Familiarization and engagement in media will increase an owner's credibility and acclaim amongst the public. The following article discusses the steps in working with the media.
Know the sources
Before attempting to get into a media source, it is best to know about it. Who are their readers/listeners? What is their circulation? What type of information is regularly posted?
Another insight is to do some forecasting. Most media outlets will have some sort of calendar displaying what topics will be covered in the future. This provides a start in coming up with articles, points of discussion, research, etc.
Some business owners hire workers to do their public relations and others prefer to do it themselves. Either way, it is important to foster contact with editors, reporters, etc.
It is best to create a spreadsheet with names, titles, numbers, and brief notes about prior contacts. The more you build the rapport with people in the media, the better your chances become in being included and being approached for future opportunities.
It is not so easy to create a media stir. Media representatives are very selective and pressed for time. They will not be intrigued about a pitch regarding your holiday work party at the local catering service, but they will be interested in groundbreaking research or a new business concept. These are two extremes, and the reality of the situation is news from your company will many times fall somewhere along the spectrum.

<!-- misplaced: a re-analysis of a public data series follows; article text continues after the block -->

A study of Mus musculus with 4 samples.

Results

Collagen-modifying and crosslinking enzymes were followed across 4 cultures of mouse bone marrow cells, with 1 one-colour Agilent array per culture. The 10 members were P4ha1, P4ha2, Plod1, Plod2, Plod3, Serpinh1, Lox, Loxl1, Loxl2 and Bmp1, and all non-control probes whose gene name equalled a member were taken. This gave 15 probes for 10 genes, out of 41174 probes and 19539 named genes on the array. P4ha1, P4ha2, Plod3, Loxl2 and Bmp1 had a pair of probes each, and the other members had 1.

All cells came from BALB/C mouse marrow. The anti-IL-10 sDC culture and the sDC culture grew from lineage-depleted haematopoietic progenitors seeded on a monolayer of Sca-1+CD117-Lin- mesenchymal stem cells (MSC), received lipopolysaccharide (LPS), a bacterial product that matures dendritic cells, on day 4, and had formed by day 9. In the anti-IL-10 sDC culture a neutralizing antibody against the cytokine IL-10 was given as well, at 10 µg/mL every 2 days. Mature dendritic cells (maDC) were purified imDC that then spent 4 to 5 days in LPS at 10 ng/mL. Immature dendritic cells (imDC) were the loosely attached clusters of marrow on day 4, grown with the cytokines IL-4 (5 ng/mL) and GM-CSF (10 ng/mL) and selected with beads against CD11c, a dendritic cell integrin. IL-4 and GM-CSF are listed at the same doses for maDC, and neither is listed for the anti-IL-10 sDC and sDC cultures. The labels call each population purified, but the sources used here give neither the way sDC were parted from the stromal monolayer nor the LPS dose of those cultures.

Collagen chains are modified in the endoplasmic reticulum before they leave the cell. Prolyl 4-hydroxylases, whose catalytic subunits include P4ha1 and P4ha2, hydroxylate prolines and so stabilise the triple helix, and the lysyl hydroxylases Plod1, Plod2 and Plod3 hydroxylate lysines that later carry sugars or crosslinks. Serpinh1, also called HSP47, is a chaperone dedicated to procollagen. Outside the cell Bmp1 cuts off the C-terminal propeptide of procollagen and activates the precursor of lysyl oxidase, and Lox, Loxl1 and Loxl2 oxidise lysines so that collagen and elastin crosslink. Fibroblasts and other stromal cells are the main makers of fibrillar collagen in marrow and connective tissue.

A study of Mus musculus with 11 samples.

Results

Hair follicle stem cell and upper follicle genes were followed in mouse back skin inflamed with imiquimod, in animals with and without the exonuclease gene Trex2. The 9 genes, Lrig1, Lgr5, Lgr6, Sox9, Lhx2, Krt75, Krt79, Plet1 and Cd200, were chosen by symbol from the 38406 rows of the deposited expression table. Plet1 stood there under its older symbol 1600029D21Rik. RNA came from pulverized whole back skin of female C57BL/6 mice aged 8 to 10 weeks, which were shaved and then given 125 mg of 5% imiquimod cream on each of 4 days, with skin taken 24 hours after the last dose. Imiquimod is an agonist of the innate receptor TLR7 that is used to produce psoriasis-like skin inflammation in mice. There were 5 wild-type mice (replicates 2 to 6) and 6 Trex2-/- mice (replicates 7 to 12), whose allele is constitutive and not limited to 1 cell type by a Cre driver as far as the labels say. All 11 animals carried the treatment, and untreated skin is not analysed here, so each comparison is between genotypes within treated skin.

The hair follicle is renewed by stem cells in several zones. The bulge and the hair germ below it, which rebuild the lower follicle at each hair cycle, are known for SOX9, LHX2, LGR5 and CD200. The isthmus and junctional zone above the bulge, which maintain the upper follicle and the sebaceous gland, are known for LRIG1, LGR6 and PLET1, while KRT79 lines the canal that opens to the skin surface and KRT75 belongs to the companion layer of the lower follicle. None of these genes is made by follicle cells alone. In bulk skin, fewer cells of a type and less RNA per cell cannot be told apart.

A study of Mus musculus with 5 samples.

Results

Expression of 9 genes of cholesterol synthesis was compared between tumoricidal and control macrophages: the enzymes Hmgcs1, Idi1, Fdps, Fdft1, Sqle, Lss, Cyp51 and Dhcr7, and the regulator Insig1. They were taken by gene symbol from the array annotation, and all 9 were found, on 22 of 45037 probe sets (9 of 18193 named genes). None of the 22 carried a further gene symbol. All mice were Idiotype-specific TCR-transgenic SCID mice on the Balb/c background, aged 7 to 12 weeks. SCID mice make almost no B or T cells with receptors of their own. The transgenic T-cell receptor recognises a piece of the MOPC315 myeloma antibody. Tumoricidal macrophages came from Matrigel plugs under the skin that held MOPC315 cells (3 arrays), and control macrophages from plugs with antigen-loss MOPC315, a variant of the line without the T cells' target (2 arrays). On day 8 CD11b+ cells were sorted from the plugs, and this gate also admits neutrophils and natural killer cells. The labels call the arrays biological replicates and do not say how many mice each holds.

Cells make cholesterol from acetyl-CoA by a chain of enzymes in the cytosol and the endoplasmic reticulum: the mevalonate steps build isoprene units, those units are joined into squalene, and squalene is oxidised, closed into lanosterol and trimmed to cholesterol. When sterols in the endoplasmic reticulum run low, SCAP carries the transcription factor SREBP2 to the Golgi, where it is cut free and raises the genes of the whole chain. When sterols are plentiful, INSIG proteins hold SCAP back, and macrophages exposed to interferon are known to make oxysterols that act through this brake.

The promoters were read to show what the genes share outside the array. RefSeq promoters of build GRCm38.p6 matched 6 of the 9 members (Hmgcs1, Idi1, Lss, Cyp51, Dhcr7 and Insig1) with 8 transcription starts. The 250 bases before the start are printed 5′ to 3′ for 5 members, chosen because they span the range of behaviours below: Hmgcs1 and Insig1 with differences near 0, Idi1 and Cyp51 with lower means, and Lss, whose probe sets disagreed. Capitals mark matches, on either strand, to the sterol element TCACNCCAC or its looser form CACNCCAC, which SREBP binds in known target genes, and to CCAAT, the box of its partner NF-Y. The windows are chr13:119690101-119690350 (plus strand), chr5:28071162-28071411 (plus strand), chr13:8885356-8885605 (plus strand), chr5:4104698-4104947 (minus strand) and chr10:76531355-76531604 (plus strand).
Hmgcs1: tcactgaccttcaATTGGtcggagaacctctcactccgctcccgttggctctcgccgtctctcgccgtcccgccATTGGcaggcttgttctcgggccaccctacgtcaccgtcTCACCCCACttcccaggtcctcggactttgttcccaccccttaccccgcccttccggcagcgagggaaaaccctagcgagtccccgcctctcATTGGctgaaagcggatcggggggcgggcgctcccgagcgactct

Be selective yourself in what stories and information you provide to various sources. Different media outlets will be optimal for different information - know which ones are which.
Create a media kit
In introducing your company to the media, it is best to have a media kit orchestrated. A media kit provides information about your company in regards to your ideology, top services and products, statistics about the company, and most importantly - contact information.
A media kit is like an invitation card - it alerts the media of your presence and gives them the opportunity to consider your company for interviews, stories, features, etc.
People of the media are very busy and popular - all businesses want some press. Ideally, we want the media to come to us, but unless we are a big company or make an impact putting us in a position to select whom we speak with, we are going to seek them out.
All of your motions towards the media representatives should cater to them. If you want to pitch them a story, do it in such a way that they will understand why it would be beneficial to their readership - spell it out for them. You may think your company has a great story, but the representative may not have the time to immediately see the "grand scheme."
It is suggested to first contact media representatives through email, and then if you have not heard back from them, to follow-up with a phone call. The best time to contact people of the media is in the morning. If things are to be published for the following morning, they will be busy in the afternoon to make deadlines.
As aforementioned, it is best to be aware before initializing contact. Look at their calendars, read their sources, and know what information is provided in their outlets.
Kenneth C. Wisnefski is the president of VendorSeek.com, an online business to business marketplace that connects business consumers with pre-approved vendors in over 150 different categories. VendorSeek.com has over 5,000 vendors in their Approved Vendor Network and processes close to 10,000 requests per month from businesses of all sizes.